President Donald Trump likely lied to special counsel Robert Mueller about conversations he had in 2016 regarding WikiLeaks’ plans to release information stolen from Democrats by Russian hackers. That’s the big takeaway from dramatic courtroom testimony that occurred Tuesday in the trial of Roger Stone.
The revelations came from Rick Gates, a former Trump campaign aide who took the stand as federal prosecutors wrapped up their case against Stone, the longtime Trump adviser who was charged with lying to Congress about his efforts to interact with WikiLeaks in 2016. In court, Gates described a July 31, 2016, phone call he witnessed while in the car with Trump headed to LaGuardia Airport—nine days after WikiLeaks had dumped tens of thousands of hacked emails from the Democratic National Committee. Gates said he could not hear what Stone was saying, but saw Stone’s number on Trump’s caller ID and recognized Stone’s voice. After the call, Trump “indicated that more information would be coming” out, Gates testified.
Gates’ testimony contradicts Stone’s claim to the House Intelligence Committee that he did not communicate with anyone on the Trump campaign about information he claimed to have gathered regarding WikiLeaks’ plans to release hacked Democratic information. But more significantly, it calls into question Trump’s assertions to Mueller’s team. In written responses to the prosecutors last year, Trump stated, “I do not recall discussing WikiLeaks with [Stone], nor do I recall being aware of Mr. Stone having discussed WikiLeaks with individuals associated with my campaign.” Trump also told Mueller: “I do not recall being told during the campaign that Roger Stone or anyone associated with my campaign had discussions with any of the entities named in the question [including WikiLeaks] regarding the content or timing of release of hacked emails.”
Gates’ testimony suggests Trump was in direct communication with Stone about WikiLeaks. Gates’ statements to the court also indicate that Trump received updates on what Stone was telling other campaign officials about WikiLeaks. His testimony depicts Trump and his campaign as trying to use Stone as something of a go-between with WikiLeaks to obtain inside information they presumably could exploit. (Throughout the campaign, Trump and his aides repeatedly denied Russia was attacking the election, but Mueller’s final report did note the campaign attempted to take advantage of this attack.)
Gates revealed on Tuesday that Stone began telling Trump campaign officials early in the campaign that WikiLeaks was preparing to release material damaging to Hillary Clinton. Gates said Stone told him in April that information would be coming out via WikiLeaks. That was long before the Democratic National Committee announced on June 14 that it had been hacked by Russia.
Gates testified that after the DNC announcement, Stone contacted him, saying the matter was urgent. Stone reported to Gates that “more information would be coming out of the DNC hack,” according to Gates, and Stone asked Gates to give him contact information for Jared Kushner, Trump’s son-in-law, and another campaign aide so he could brief them on the hack. (This was several days after Kushner, Donald Trump Jr., and Paul Manafort, then the campaign chair, had met with a Russian emissary whom they were told was bringing them dirt on Clinton as part of a Kremlin scheme to assist the Trump campaign. They later claimed the meeting had not yielded any ammo they could use against Clinton.)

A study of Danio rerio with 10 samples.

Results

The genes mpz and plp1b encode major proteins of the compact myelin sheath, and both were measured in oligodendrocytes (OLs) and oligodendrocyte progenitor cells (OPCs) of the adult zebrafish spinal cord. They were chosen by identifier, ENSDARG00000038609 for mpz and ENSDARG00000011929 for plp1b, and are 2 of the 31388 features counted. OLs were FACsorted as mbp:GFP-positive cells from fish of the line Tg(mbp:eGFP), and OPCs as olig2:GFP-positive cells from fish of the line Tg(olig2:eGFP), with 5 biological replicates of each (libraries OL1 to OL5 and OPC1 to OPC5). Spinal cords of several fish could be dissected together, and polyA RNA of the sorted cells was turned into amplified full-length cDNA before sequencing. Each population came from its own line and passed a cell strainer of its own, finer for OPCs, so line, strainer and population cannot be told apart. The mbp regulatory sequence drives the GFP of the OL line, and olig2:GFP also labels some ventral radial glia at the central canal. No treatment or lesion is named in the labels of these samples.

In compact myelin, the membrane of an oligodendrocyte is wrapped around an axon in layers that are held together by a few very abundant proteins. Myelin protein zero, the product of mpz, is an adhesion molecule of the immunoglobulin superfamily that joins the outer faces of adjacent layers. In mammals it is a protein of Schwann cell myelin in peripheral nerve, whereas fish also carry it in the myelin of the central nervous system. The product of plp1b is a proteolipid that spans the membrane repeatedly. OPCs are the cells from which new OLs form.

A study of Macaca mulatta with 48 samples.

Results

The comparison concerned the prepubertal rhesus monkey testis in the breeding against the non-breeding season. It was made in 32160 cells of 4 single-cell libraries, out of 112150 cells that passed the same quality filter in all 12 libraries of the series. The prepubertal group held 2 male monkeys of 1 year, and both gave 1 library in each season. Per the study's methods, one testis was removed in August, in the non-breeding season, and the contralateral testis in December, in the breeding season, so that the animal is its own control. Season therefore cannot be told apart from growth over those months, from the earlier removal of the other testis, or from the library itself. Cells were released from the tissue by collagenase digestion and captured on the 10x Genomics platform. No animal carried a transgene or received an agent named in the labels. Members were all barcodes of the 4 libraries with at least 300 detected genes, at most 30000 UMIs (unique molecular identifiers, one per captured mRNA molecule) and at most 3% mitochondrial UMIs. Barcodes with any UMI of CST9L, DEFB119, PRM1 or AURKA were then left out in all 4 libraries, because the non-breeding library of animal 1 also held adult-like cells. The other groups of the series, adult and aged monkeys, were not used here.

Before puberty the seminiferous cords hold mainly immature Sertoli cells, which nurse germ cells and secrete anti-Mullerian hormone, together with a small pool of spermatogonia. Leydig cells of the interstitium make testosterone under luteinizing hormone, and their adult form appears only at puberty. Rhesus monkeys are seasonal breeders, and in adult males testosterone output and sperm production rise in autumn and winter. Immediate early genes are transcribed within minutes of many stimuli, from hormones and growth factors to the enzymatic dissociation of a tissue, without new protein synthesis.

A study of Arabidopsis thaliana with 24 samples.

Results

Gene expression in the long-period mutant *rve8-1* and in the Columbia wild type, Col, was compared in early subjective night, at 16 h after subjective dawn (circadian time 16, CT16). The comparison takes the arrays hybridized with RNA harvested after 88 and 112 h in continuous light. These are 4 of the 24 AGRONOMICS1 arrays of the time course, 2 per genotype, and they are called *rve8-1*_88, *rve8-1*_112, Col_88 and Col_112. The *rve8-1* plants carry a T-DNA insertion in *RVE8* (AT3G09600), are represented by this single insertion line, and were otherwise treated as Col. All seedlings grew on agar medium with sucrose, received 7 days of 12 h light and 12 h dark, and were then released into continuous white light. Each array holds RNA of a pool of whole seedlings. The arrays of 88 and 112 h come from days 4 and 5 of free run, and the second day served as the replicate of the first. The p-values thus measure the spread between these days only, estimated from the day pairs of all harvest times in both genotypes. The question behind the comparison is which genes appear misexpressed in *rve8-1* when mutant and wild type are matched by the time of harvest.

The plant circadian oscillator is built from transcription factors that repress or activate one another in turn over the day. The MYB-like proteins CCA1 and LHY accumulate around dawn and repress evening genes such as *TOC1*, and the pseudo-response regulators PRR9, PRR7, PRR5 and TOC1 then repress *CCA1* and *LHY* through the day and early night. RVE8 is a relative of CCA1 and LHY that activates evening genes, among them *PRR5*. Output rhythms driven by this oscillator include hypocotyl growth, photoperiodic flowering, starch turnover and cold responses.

Throughout June and into July, Stone continued to tell top Trump aides that WikiLeaks would be releasing material harmful for Clinton. Gates said that he and Manafort were skeptical. But on July 22, 2016, WikiLeaks put out the hacked DNC emails, disrupting the party’s convention and prompting the resignation of the DNC chair Debbie Wasserman-Schultz.
Gates said the Trump campaign was thrilled with these developments. Gates said that Stone was quick to inform the campaign that he had been right and that Stone continued to predict that more releases were coming from WikiLeaks. Gates testified that Manafort asked him to follow up with Stone to find out when that new information would appear. “Manafort indicated that he was going to be updating additional people on the campaign, including the candidate,” Gates said, referring to Trump. If Manafort did talk to Trump about imminent WikiLeaks releases, that would be further indication that Trump misled Mueller.
In his written responses to Mueller, Trump claimed, somewhat implausibly, that he did not recall any such conversations with Stone, Manafort, or anyone else—rather than denying that such discussions had occurred. That could protect him from perjury charges after he leaves office. (It’s tough for prosecutors to prove that someone did, in fact, remember an event.) But Gates’ testimony is strong evidence that the president lied to Mueller to cover up a possible Trump campaign connection to WikiLeaks and to hide interactions that Trump might have feared could be seen as something akin to collusion.